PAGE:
Beach Access and Park Issues
January 6, 2012

Bodie Island Lighthouse is set to have restoration
completed and will be open for climbing


The first Bodie Island Lighthouse tipped over. The second one was blown up by soldiers.

But the third one, nearly undone by wicked weather, budget woes, and a bureaucratic tug-of-war, has emerged as the little lighthouse that could.

Restoration of the Bodie Island Lighthouse is as close as it’s ever been to being realized, with only a routine budget procedure to be resolved before the start of the final leg of the project.

“Once we get the account number, we can proceed with the contract,” Doug Stover, National Park Service Outer Banks Group historian, said Thursday.

Stover said the information could come any day.

By the spring of 2013, the 1872 brick beacon is expected to be open for the public to climb for the first time ever. And its spectacular first order Fresnel lens, now repaired and in storage, will have been returned to the lantern room atop the 156-foot tower.

Bett Padgett, president of the Outer Banks Lighthouse Society, is not quite ready to cheer.

“We really, really have high hopes,” Padgett said hesitantly, adding that the group was originally founded in 1994 to save the Bodie lighthouse. “But we have had high hopes for the last 14 years and there has been disappointment.

“This time, I really have my head up to the heavens. I really think it’s going to happen.”

Located in marshlands overlooking Oregon Inlet, the black-and-white banded lighthouse near Nags Head’s southern border had been often treated like the plainer stepsister to taller and more famous Cape Hatteras Lighthouse in Buxton. 

While the Hatteras tower was lovingly restored in 1999 during a high-profile $12 million relocation project,   Bodie Island eked by on leftovers, leaving Park Service managers enough to do patchwork repairs. Even after the Coast Guard in 2000 gave up ownership of the lighthouse, and later the lens, the Park Service repeatedly was thwarted in its attempts to restore the Bodie tower.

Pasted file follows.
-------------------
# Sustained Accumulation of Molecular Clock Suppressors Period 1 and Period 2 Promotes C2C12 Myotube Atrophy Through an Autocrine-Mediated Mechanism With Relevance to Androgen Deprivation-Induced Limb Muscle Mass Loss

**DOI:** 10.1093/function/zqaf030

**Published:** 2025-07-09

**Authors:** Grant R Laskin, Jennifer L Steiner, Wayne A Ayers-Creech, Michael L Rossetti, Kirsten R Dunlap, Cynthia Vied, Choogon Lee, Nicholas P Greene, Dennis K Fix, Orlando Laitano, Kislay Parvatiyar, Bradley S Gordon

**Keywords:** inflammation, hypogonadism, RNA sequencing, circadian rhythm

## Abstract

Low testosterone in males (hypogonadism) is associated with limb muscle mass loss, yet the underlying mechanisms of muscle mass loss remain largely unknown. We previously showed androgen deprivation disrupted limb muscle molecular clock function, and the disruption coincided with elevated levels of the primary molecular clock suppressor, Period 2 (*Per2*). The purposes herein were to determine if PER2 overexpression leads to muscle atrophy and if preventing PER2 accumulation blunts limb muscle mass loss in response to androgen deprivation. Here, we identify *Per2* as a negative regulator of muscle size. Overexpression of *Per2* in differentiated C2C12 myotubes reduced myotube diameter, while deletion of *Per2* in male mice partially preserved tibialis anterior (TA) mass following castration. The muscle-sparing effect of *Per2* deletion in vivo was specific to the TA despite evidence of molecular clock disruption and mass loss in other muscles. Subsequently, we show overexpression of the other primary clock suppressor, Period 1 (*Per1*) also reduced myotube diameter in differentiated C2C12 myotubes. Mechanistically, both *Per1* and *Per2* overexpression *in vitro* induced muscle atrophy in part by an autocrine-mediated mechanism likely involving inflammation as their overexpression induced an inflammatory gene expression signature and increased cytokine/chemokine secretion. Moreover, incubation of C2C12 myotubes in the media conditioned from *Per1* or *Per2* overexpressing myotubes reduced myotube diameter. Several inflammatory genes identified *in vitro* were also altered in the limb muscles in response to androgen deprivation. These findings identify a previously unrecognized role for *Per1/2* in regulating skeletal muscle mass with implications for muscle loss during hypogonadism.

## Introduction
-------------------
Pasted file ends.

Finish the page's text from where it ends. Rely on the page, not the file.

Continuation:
When it was acquired from the Coast Guard, pieces of the cast-iron metalwork were missing at the top and metalwork in the lantern room, gallery deck, and support brackets was deteriorating.  Some of the 205 steps in the spiral staircase were corroding.  At one point, the Coast Guard, which had maintained control of the navigational aid, wanted the Park Service to replace the historic Fresnel lens with a contemporary light.

But after strong protest, the Coast Guard relented and let the Park Service take over responsibility for the lens, which has since undergone a $100,000 restoration.

Despite chunks of metal falling from the balcony in 2004, it took more than five years to secure $3 million needed to restore the tower. But the project that began in 2009 had to be delayed after additional damage was found in the lighthouse, including its framing, support beams and masonry. 

Last year, while the Park Service worked out budgetary issues, all the scaffolding that had surrounded the lighthouse was taken down.

Stover said that about $1.9 million has been secured to finish the restoration. The first task will be putting back the scaffolding.  But the most time-consuming part of the project --- getting the metalwork done at the foundry --- has been completed. The windows have been fixed and delivered to the museum storage facility on Roanoke Island. 

“So it’s pretty much just getting all the jigsaw pieces and putting it all together,” he said. 

Meanwhile, repairs at the double-keepers quarters at the Light Station is being done, Stover said. 

Hurricane Irene in August flooded the Visitor Center, buckling the wooden floors. Winds blew off the canvas covering the windows atop the lighthouse, and floodwaters relocated all the parking lot barriers into the adjacent swamps. 

The Visitor Center will remain closed for the next couple of months, he said, but visitors are permitted on the grounds. 

When the lighthouse restoration is completed, hopefully by spring 2013 Stover said, it is expected to be opened for climbing for probably about the same fee it costs to climb the Cape Hatteras Lighthouse. But the numbers of climbers are expected to be more restricted than Hatteras, he said. 

Padgett said that she expects that Bodie Island Lighthouse, which is one of the few in the nation with its original Fresnel lens, will quickly become very popular. 

The view from the top features a panorama of the sound, the marshland , the ocean, Oregon Inlet and the Bonner Bridge. If it’s opened in the evening like at Cape Hatteras for special events, climbers can be treated to glorious sunsets and full moons.
“I imagine it’s going to be one of the largest draws for lighthouses in the United States,” she said.  “It’s very special.”